Kamakshi R. Zeidler, MD, Tina Hernandez-Boussard, PhD MPH, Ario Barzin, MD, Gordon K. Lee, MD, Catherine Curtin, MD.
Stanford University, Palo Alto, CA, USA.
Breast cancer affects many American women. Post-mastectomy breast reconstruction has been shown to improve quality-of-life. The options for breast reconstruction are separated into two main categories, with autologous reconstruction being a technically more demanding operation but offering a better aesthetic outcome and implant based reconstruction being technically easy to perform, but associated with complications leading to implant failure. The reimbursement for autologus recontruction has been declining over time, and we hypothesized that more women would receive implant reconstruction as reimbursement declined for autologus reconstruction.
This was a retrospective review of data from the Nationwide Inpatient Sample (NIS) from January 1, 1998 to December 31, 2007. Breast reconstruction was identified from the NIS database, and categorized into two groups: autologous (including pedicled and microsurgical flaps) or expander (implant) reconstruction. Comparison of means between autologous and expander reconstruction was performed using Rao-Scott Chi-squared analyses and Student's t-test. A time trend analysis assessed changes in breast reconstruction over time. Medicare physician fee schedule from 2000 to 2010 provided physician reimbursement rates for the procedures of interest. A logistic regression model was designed using variables that were significant in dichotomous analysis. A p-value less than 0.05 indicates statistical significance.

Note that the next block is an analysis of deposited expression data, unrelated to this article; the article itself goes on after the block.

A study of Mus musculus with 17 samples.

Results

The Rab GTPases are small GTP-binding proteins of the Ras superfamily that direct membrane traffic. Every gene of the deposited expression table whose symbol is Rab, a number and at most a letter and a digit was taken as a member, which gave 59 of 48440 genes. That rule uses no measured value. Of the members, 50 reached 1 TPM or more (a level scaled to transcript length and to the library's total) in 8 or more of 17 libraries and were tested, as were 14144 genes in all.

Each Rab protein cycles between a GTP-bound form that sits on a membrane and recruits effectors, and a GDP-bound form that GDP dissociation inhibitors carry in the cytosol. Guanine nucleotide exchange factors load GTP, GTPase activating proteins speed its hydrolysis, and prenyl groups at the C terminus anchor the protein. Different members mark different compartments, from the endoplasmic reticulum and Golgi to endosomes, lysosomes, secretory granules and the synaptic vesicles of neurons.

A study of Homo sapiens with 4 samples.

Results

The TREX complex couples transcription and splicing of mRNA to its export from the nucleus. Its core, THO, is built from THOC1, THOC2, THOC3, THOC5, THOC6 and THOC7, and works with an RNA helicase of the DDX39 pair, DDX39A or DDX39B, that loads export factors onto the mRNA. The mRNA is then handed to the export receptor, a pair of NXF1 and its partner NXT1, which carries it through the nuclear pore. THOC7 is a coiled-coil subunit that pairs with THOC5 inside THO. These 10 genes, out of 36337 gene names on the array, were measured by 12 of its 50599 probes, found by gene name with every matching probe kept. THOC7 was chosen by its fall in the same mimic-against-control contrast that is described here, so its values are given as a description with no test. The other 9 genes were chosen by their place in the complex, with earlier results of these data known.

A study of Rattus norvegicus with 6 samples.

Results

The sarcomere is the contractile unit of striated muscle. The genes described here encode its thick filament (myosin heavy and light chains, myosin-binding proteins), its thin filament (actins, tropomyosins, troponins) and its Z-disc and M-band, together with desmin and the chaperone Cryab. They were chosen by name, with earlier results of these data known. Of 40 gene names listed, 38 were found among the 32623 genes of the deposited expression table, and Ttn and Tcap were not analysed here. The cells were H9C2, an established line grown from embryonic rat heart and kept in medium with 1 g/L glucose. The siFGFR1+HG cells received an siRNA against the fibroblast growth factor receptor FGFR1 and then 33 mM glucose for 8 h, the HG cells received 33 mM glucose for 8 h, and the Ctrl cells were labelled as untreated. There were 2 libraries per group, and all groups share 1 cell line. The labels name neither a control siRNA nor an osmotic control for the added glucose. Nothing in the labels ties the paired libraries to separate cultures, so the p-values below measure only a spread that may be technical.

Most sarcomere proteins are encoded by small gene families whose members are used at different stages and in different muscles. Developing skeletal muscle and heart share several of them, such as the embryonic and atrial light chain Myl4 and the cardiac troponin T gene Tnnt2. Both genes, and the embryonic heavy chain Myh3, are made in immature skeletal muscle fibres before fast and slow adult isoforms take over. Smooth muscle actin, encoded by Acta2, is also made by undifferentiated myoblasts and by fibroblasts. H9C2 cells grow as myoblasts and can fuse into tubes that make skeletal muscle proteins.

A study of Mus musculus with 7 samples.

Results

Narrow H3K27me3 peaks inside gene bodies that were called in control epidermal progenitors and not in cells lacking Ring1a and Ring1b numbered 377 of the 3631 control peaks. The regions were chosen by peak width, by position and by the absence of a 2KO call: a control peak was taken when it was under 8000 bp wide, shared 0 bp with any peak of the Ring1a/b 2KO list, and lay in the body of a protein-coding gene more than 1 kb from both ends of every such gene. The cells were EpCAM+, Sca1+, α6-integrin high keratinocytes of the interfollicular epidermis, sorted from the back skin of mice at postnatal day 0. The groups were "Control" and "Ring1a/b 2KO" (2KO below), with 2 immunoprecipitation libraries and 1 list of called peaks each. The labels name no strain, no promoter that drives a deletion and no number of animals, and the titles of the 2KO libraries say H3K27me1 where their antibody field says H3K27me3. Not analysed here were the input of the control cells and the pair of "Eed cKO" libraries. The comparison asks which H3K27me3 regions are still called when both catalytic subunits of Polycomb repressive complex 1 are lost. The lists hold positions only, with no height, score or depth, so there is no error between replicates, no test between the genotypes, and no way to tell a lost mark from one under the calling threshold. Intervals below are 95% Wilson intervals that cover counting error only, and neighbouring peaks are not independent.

During the ten year study period 307,016 breast reconstructions were performed. Over time, autologous reconstruction decreased at a rate of 3.43% per year, while expander reconstructions increased at a rate of 9.97% per year. Medicare reimbursement also changed, with expander reconstruction reimbursement remaining unchanged while autologous reconstruction reimbursement decreased. The differences between the autologous and expander groups included:. expander recipients had a higher mean age (50.4 vs autologous 49.6 years old, p<0.0001); there was no change in the mean ages over time; autologous reconstructions had a longer length of stay (4.2 vs expander 2.1 days, p<0.0001); expander recipients were more likely to be Caucasian (64.8% vs autologous 56.3%, p<0.0001); autologous patients had a lower Charlson Co-morbidity Index (47% vs expander 34.5% having a score less than 2, p<0.0001); and autologous reconstructions were more likely to be performed at a teaching hospital (67.3% vs expander 62.2%, p=0.0469). A logistic regression model was used to predict the probability of having an expander reconstruction (variables included age, payer, hospital location, medical co-morbidities, and race). The model showed that the odds of having an expander vs an autologous reconstruction between 1998 and 2007 can be predicted by Medicare enrollment, race, hospital location, medical co-morbidities, and year of procedure. Of these predictors, Medicare enrolment most strongly increased the odds of having an expander reconstruction (OR 1.9)
This study suggests that declining reimbursement for autologous reconstruction is limiting access to this procedure. The Women's Health and Cancer Rights Act, passed in 1998, ensures that all health care payers provide coverage for post-mastectomy breast reconstruction, but it does not set benchmarks for reimbursement. As reimbursement declines, breast reconstruction choices may be limited.